Labour has called for the lifetime ISA (LISA) to be delayed until 2018 in a stark warning about the potential consequences for auto-enrolment (AE).
Speaking in the House of Commons during a debate on the Savings (Government Contributions) Bill on 17 October, shadow chief secretary to the Treasury Rebecca Long-Bailey said savers will choose between the LISA and a workplace pension.
The LISA will allow savers to put aside up to £4,000 per year, and receive a 25% government top-up. However, they will only be able to access their savings in retirement or for the purchase of a first home, without forfeiting the bonus.
The Labour MP for Salford and Eccles added the LISA would act as a diversion from traditional pension products.
She said: "There is considerable unease about the LISA policy across the pensions industry, the trade union movement, the Office for Budget Responsibility, and select committees of this house.
"The opposition supports the idea of incentivising people to save for the future, especially for retirement income, but we are concerned that the scheme could create a diversion from saving in traditional pension products, rather than being an add-on to one's main pension plan.
"Even a former pensions minister [Baroness Ros Altmann] stated that the LISA ‘could even destroy pensions'. The UK faces a pensions time bomb."
A Treasury impact assessment, published ahead of the debate, concluded around 800,000 people would opt for the LISA by 2021. Most users of the savings vehicles will be people who have never been enrolled in a pension scheme, it added.
Long-Bailey warned the LISA threatened the success of AE, with a year overlap between the introduction of LISA and the full roll-out of AE to small businesses. She also reiterated a Treasury select committee conclusion that LISA will be perceived as a pension product.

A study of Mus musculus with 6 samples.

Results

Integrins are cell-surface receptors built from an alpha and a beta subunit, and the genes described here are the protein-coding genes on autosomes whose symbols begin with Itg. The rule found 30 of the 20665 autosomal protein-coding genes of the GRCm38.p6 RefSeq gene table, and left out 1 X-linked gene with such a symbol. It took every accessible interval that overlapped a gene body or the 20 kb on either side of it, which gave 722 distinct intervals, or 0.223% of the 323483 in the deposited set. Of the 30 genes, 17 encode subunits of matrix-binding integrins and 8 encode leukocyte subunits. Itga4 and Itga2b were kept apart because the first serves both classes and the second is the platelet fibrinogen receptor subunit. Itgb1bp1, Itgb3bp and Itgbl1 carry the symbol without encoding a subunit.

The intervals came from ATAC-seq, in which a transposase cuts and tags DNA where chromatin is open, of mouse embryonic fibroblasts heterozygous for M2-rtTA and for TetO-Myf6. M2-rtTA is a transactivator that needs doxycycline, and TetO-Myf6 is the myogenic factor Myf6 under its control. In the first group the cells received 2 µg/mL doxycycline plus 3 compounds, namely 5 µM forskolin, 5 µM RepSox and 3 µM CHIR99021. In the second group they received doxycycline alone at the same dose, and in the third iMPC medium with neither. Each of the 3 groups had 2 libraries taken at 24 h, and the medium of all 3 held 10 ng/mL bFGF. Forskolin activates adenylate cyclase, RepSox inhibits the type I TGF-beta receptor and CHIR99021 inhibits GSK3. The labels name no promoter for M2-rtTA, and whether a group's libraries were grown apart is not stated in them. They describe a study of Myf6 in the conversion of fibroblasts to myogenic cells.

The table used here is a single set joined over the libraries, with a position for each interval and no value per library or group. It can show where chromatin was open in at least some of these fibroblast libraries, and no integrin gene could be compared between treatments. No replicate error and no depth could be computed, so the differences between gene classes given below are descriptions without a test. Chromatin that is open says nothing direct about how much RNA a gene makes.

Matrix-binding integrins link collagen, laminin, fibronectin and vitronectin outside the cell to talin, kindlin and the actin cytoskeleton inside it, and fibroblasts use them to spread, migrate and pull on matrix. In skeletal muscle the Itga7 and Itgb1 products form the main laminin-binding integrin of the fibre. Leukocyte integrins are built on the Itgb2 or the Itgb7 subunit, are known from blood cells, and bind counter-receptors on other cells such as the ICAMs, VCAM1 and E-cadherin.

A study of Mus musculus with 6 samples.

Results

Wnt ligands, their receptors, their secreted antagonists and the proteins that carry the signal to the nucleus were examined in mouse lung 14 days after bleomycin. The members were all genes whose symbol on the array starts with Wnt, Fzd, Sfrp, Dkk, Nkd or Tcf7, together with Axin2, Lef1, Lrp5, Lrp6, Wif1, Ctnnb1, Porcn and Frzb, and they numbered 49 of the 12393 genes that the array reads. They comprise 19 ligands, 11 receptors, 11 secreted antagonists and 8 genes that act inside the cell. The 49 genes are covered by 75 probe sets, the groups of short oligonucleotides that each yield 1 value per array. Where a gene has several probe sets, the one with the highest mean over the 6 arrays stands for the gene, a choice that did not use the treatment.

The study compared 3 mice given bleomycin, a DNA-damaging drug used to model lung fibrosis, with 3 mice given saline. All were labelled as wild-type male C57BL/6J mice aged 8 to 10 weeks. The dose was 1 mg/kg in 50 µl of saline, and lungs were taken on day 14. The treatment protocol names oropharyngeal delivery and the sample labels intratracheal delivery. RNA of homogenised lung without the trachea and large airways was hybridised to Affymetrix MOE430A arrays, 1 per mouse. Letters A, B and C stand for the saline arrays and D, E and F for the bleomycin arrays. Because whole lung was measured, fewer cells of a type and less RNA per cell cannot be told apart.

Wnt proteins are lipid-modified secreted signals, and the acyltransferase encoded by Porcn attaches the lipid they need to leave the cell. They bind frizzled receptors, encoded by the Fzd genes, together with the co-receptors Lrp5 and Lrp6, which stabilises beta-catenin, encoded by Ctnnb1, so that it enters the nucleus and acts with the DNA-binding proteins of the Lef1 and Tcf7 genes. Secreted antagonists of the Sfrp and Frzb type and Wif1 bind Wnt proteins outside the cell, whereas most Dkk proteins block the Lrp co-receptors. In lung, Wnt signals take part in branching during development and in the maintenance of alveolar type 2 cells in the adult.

The shadow minister also called for the introduction of LISA to be delayed until AE is completely rolled out in 2018.
"The Pensions Regulator has argued that by 2017, when the LISA is available, thousands of small and micro-businesses will not have rolled out auto-enrolment," she said. "Has the government considered timing the LISA roll-out to coincide with the full completion of auto-enrolment to avoid the risks I have outlined?"
The view was backed up by SNP MP for Ross, Skye and Lochaber, Ian Blackford, who accused former chancellor George Osborne of being a "modern day reverse Robin Hood."
He said: "After much effort, automatic enrolment has been successful in encouraging young people to save. We must not undermine those efforts by inadvertently encouraging people to opt out and confusing consumers with new, competing products.
"This is a wheeze from the previous chancellor to deliver higher taxation income today, rather than taxing consumption in the future-a modern day reverse Robin Hood."
Former pensions minister Steve Webb, now Royal London director of policy, also recently called for the product to be delayed. Writing for PP, he said it would be a "mistake for the government to rush ahead" with the policy.
The Pensions Regulator (TPR) has substantially increased the usage of its powers against trustees – posting a sharp rise in the use of formal information gathering powers and High Court production orders during the three months to the end of September....
The Pension Schemes Bill has completed its third reading, crossing its latest hurdle in the House of Commons.
An amendment to the Pensions Schemes Bill which would have seen people given a pre-booked Pension Wise appointment ahead of accessing their retirement savings has been defeated.
A proposal to ensure savers receive a Pension Wise appointment prior to accessing their retirement pot has received cross-party support in parliament, while Labour seeks net-zero pensions by 2050.
Pension scams are not just about the money lost, but the lives devastated, says Nicola Parish, so the industry must unite to defeat this scourge.